The Gambia’s Population dynamics Data

Source: World Population Prospects 2022

Total Fertility Rate (births per woman)


Adolescent (15-19 years) Birth Rate (births per 1,000 girls)

597/ 100,000

Maternal Mortality Ratio (Per 100,000 live births)

The Gambia’s national commitment

At the Nairobi Summit, the Republic of the Gambia committed to achieving zero unmet need for family planning, including committing to creating and funding a budget line for family planning commodities and services in the national budget by 2020.

In the Gambia, unmet need for family planning is relatively the same in urban and rural areas but is highest among women with no education and women from the poorest households.

Demand for family planning satisfied by modern methods is highest among women with no education and women in the wealthiest households.


The Gambia’s maternal mortality ratio has been declining from 2000 to 2017,

the most recent year for which data is available, and the year in which it was estimated to be 579 deaths per 100,000 live births – about half that of the country with the highest maternal mortality ratio in the region.


The Gambia’s national commitment

The Gambia has committed to accelerating efforts to realize zero preventable maternal death. It has committed to revitalizing the primary health care system, increasing the proportion of births attended by skilled attendants, and ensuring the provision of basic lifesaving equipment, supply services, and medicines to all health facilities for maternal and new-born services by 2025.

The percentage of deliveries among married women 15-49 years assisted by a skilled attendant in the Gambia is 83.8% which is near the highest in the region.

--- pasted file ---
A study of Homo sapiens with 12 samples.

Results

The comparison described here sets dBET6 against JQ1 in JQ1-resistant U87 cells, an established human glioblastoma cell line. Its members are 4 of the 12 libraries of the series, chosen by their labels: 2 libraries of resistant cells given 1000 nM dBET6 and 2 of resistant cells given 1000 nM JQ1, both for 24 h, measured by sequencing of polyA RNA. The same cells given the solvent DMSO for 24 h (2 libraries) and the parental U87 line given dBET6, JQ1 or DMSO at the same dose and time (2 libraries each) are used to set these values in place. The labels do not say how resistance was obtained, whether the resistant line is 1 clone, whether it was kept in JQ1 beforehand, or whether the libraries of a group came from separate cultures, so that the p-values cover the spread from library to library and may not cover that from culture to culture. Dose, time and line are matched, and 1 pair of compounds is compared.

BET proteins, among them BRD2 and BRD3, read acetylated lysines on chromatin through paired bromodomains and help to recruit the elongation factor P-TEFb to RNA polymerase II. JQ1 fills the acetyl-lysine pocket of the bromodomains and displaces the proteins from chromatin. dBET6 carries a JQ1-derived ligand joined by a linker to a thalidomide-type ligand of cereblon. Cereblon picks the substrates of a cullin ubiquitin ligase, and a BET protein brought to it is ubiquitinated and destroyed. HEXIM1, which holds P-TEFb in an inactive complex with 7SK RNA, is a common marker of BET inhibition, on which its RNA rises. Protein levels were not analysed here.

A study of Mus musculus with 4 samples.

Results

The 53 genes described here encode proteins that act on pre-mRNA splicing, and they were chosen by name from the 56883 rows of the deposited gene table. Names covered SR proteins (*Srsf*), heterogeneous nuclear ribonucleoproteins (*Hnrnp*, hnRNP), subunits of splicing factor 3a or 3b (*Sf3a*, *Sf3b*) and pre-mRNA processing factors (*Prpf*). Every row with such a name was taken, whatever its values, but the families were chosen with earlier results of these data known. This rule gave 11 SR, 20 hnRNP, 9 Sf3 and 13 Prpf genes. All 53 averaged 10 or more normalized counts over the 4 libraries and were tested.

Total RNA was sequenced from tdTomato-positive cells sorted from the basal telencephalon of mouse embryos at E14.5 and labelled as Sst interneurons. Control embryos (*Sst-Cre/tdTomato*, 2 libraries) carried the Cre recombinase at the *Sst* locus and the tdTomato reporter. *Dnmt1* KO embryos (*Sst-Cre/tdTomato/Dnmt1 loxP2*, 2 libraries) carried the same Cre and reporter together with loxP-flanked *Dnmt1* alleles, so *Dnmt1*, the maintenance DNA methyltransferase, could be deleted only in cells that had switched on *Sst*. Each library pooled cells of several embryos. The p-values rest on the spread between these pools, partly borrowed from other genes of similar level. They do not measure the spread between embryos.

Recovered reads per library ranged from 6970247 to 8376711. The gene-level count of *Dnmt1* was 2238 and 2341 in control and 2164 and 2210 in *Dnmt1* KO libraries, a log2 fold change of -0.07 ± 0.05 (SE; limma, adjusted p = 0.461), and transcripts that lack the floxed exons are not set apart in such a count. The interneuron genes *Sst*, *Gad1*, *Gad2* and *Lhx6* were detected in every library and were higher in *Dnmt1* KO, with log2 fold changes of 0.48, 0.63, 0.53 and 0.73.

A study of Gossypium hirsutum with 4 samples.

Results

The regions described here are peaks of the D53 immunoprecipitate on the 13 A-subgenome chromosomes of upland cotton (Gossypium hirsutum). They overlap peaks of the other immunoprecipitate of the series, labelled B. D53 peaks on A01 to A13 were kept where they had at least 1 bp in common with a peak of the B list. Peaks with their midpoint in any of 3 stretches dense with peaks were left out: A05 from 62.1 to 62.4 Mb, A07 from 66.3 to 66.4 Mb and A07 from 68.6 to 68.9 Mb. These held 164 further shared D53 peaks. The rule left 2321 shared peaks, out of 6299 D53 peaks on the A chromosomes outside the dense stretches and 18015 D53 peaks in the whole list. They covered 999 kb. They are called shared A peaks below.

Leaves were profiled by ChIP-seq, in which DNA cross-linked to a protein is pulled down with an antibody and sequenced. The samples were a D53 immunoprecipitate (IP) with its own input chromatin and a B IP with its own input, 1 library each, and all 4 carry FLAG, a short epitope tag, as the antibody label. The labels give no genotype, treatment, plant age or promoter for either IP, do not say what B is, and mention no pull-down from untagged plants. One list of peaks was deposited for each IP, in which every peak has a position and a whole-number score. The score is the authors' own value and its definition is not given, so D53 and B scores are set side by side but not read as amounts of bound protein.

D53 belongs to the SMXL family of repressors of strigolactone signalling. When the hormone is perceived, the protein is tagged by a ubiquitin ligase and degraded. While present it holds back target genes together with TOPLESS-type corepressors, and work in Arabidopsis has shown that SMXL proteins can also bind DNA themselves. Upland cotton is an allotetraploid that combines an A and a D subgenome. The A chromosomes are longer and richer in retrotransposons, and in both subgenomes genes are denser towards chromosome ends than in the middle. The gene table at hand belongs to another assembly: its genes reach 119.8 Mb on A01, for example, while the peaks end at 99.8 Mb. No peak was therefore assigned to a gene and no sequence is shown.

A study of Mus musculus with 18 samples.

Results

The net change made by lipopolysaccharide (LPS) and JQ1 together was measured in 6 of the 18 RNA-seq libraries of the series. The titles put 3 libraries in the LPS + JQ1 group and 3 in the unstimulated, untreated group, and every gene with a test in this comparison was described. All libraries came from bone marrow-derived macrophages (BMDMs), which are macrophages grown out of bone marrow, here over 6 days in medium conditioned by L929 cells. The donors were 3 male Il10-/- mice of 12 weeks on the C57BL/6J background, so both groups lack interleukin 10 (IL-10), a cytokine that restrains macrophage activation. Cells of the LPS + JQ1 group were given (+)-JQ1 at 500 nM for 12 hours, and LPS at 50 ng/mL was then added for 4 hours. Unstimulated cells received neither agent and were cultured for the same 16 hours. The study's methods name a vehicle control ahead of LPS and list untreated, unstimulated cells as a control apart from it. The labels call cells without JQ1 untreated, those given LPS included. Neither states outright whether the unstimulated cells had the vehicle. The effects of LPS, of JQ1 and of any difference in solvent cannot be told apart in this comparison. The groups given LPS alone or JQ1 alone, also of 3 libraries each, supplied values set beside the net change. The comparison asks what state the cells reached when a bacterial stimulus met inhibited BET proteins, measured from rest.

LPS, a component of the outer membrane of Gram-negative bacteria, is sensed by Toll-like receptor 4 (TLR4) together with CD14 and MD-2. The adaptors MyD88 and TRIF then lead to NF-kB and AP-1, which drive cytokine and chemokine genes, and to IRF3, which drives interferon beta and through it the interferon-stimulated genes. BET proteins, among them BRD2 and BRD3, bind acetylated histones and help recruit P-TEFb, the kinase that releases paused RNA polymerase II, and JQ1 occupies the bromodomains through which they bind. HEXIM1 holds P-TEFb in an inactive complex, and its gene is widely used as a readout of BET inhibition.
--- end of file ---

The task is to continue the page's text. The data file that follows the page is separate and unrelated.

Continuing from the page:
This percentage increases slightly in urban areas, with education, and as household wealth increases.


The Gambia’s adolescent birth rate has declined from 1990 to 2020 to around 60 births per 1,000 girls, falling midway between other countries in the region.


The adolescent birth rate is two times higher in rural areas than in urban areas,

is 30 times higher among those with no education compared with those who have higher education, and is four times higher among those living in the poorest households compared with those in the wealthiest households.


In the Gambia, 24% of women aged 20-24 years were married before age 18, with 6% of women married before age 15.

Marriage before age 18 is highest among women living in rural areas, those women with no education and only primary education, and those women living in the poorest households.


The Gambia’s literacy rate among men is higher than that for women regardless of age group, however among those between 35-49 years, the literacy rate for men is two times higher than the rate for women.


Since the Nairobi Summit, strategic partnerships were secured through the Peacebuilding Fund (PBF) supported projects on youth and democratic processes, human security, and cooperation support to youth health enhancement and empowerment.